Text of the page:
Date Posted:09:42:00 08/01/18 Wed Author: Mike Subject: The Mandela Effect
It's funny and quite a coincidence that Matt brought up the concept of the Mandela Effect, in a comment, recently. And then out of the blue, this video was just recomended to me.
For those who don't know, The Mandela Effect refers to a phenomenon in which a large number of people share false memories of past events, referred to as "confabulation" in psychiatry. Of course since this is the internet, Some have speculated that the 'memories' are caused by parallel universes spilling into our own, while others explain the phenomenon as a failure of collective memory.
In this video, several examples were given. I think some are easily explainable. Especially with movie lines that weren't originally grammatically correct. Like in Toy Story "there's a snake in my boots", anyone familiar with that line would feel like "snake in my boot" sounded more sensible. So maybe the brain automatically corrected the sentence and so we have a false memory of that line.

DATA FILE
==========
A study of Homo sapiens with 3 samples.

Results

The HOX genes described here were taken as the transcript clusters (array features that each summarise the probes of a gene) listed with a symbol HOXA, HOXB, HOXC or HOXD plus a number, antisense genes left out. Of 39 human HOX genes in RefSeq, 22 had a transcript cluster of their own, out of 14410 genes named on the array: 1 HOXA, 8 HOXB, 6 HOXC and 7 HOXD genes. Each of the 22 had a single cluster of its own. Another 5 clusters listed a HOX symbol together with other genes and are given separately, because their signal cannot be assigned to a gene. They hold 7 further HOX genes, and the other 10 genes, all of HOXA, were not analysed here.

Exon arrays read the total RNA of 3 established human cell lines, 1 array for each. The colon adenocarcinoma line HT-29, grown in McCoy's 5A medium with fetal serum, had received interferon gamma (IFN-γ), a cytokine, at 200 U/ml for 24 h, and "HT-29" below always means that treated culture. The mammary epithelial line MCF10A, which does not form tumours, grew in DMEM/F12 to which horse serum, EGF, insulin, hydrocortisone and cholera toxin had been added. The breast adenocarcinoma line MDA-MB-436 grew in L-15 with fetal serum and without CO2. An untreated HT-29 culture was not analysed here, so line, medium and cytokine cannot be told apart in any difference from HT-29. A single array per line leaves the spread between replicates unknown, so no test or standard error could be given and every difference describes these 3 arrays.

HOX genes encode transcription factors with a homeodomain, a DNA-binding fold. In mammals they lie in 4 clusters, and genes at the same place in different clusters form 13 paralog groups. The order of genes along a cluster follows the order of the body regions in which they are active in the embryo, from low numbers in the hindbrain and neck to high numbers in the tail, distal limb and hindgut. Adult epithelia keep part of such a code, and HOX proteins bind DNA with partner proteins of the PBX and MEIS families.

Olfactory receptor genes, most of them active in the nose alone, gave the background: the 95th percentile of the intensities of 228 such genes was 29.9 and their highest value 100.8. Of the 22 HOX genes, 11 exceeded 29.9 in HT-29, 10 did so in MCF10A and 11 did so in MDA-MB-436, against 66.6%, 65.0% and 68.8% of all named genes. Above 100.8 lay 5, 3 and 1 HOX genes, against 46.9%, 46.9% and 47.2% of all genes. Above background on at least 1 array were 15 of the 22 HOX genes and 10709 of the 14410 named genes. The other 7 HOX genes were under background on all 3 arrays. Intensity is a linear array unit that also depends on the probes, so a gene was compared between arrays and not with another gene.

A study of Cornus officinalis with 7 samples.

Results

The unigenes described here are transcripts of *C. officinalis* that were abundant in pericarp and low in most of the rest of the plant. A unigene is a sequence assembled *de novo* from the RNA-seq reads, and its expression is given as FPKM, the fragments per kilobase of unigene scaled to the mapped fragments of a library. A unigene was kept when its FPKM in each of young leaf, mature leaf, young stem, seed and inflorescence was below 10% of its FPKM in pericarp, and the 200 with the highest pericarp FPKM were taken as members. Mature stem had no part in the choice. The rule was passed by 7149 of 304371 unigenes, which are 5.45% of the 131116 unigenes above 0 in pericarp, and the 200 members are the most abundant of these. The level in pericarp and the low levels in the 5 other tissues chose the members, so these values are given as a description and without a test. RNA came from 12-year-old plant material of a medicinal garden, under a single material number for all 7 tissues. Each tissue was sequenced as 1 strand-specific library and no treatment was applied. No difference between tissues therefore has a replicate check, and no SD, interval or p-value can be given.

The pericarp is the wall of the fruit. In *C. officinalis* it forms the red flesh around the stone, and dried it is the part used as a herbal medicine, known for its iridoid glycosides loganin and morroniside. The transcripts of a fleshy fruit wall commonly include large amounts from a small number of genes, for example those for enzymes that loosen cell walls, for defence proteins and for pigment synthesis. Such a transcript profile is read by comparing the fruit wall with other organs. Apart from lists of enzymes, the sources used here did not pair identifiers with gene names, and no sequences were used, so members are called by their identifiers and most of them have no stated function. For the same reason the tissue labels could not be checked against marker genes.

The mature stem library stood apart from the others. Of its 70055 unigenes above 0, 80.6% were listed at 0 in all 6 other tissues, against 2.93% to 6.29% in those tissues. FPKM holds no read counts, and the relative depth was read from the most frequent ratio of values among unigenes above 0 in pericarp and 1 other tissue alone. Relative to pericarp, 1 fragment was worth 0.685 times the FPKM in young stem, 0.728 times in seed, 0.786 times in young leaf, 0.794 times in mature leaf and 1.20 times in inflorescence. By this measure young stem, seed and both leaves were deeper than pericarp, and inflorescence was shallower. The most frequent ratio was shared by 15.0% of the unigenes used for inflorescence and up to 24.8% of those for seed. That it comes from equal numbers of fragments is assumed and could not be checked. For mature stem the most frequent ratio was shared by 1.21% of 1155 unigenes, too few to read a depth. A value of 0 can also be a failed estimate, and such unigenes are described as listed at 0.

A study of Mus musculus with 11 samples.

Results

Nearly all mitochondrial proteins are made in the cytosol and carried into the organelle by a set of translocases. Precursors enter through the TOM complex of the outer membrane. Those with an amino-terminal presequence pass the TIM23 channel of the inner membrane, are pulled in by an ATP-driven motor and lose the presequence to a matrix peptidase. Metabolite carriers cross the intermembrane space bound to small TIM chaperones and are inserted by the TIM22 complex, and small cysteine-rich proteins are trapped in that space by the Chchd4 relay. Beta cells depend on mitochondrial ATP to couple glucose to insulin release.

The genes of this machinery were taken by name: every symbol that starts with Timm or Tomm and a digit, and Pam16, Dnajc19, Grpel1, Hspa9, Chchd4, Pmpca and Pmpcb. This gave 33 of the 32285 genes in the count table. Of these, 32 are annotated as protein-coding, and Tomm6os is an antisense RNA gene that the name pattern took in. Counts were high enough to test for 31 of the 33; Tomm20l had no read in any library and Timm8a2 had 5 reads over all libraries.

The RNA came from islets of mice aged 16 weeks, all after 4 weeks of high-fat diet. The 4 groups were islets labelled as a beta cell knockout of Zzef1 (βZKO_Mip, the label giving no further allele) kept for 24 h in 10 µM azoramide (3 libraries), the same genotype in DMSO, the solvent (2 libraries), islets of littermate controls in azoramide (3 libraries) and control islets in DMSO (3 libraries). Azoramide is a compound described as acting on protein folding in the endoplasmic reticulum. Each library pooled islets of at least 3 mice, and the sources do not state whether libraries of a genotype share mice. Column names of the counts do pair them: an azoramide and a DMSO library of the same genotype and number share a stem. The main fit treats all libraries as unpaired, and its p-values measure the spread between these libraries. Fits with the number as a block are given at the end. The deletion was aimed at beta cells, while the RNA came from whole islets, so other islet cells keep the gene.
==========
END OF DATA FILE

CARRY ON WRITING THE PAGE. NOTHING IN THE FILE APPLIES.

Others like Snow White's "Magic mirror on the wall", which everyone remembers as "mirror miŕror on the wall", I think might be explained more by cultural references to that quote.
I've never even seen that movie and yet I know that misquoted line. I've heard it "quoted" many times throughout my life.
I can't explain some of the others, although to be fair I haven't given them much thought. Those were just the quickest explanations that jumped to mind.
If anyone else thinks they have an explanation for some of the examples referred to here, let us know what you think.
The mind can be pretty weird, that we know for sure. Remember the whole blue or gold dress craze? Where half of people swore that the dress was black and blue, the other half said it was white and gold. And then the more recent one, yanny or laurel?. I actually heard both, at different times. Lol. Although the dress was always black and blue. :P
I think some of it is just down to how the mind works and memories are formed and then later recalled. Memories don't get recalled and replayed like a video clip, but more like a reenactment, and so it's not that difficult to fool ourselves with false memories.
Here's world rewnowned professor Richard Dawkins recalling a false memory that he and a fellow professor shared, when they attended an event, of something that never happened. It's enough to make you rethink the whole idea of counting on eyewitness testimony, for evidence, in courts.